On April 25, 2016, Oklahoma Governor Mary Fallin signed House Bill 2637 into law regarding the use of suppressors while hunting on public land. Current Oklahoma law states that it is only legal for Oklahomans to hunt with a suppressor as long as they are on private property with permission from the landowner.
In recent years, the use of suppressors has seen significant growth as more shooters and sportsmen learn of their benefits. Gun suppressors are primarily used to help prevent hearing loss by shooters. HB2637 amends current law and allows Oklahomans the freedom to hunt with suppressors on both public and private land.
According to U.S. Law Shield of Oklahoma Independent Program Attorney Robert Robles, “It’s not a novel idea. Oklahoma hunters have been allowed to use suppressors on private land for years.”
“This important pro-hunting legislation was passed overwhelmingly by both houses of the legislature,” Robles went on to say.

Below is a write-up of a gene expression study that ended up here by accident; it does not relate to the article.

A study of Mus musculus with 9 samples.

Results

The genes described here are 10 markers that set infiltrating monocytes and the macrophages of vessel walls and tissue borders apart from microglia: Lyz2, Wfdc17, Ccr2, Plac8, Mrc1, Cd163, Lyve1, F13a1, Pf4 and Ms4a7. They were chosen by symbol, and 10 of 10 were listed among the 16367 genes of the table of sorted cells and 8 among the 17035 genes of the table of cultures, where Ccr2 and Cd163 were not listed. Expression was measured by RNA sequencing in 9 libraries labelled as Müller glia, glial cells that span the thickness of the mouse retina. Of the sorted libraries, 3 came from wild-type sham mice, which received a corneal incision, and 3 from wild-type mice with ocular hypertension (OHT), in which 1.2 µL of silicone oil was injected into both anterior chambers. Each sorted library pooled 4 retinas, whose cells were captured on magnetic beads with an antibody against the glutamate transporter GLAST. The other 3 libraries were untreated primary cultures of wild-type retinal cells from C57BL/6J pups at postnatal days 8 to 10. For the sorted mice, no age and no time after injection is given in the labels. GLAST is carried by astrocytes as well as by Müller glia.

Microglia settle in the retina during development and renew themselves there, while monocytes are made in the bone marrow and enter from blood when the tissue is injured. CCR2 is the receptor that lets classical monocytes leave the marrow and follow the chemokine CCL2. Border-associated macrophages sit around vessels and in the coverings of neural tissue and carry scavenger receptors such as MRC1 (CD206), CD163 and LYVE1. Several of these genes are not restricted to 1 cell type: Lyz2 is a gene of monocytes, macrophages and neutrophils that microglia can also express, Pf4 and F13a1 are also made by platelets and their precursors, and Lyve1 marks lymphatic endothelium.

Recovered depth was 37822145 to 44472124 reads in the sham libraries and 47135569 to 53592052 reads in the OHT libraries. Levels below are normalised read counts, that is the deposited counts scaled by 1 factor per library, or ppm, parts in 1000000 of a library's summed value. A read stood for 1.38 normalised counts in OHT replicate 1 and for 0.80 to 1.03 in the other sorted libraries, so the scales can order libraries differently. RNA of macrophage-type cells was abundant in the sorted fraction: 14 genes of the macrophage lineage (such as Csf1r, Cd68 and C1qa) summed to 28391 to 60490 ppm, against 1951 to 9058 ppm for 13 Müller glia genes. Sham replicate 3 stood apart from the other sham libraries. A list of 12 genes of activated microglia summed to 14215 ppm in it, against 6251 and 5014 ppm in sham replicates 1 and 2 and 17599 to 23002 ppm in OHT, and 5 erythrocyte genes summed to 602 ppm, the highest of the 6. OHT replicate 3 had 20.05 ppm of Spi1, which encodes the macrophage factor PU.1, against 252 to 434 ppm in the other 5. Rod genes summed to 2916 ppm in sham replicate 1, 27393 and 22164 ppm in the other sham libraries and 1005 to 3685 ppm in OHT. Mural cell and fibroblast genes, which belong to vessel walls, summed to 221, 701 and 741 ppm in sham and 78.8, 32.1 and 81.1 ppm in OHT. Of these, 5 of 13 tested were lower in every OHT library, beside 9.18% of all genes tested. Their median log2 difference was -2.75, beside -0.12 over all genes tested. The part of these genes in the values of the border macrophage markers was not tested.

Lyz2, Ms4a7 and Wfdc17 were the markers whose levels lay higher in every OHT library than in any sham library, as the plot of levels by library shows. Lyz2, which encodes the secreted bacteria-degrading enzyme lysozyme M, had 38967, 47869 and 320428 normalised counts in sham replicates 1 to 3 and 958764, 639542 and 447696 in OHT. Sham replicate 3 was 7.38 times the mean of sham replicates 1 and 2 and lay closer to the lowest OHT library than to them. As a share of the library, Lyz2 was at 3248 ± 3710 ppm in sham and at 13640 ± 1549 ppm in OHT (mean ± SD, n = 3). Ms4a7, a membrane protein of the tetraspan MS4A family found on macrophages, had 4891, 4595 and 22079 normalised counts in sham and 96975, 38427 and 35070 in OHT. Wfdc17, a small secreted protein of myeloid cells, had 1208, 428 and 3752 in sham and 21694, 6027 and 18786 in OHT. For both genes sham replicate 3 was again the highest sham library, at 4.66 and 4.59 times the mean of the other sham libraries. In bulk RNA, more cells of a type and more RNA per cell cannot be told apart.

This bill was heavily opposed by the Oklahoma State Game Wardens Association. The Association’s president, Tony Clark, argued that allowing gun suppressors to be used by hunters on public land also would aid poachers, as well as being a safety issue.
“Allowing their use by hunters on public land where there is likely to be other hunters nearby would be unsafe. If you are not hearing the gunshot, you could be getting way too close to another hunter,” Clark said.
Fortunately for Oklahoma gun owners, the legislature did not agree with those arguments.
“Any restrictions to any of your fundamental rights,” says Robles, “should be subject to a standard that ensures the strongest possible protection for that right, especially your Second Amendment rights.”
The new law goes into effect November 1, 2016.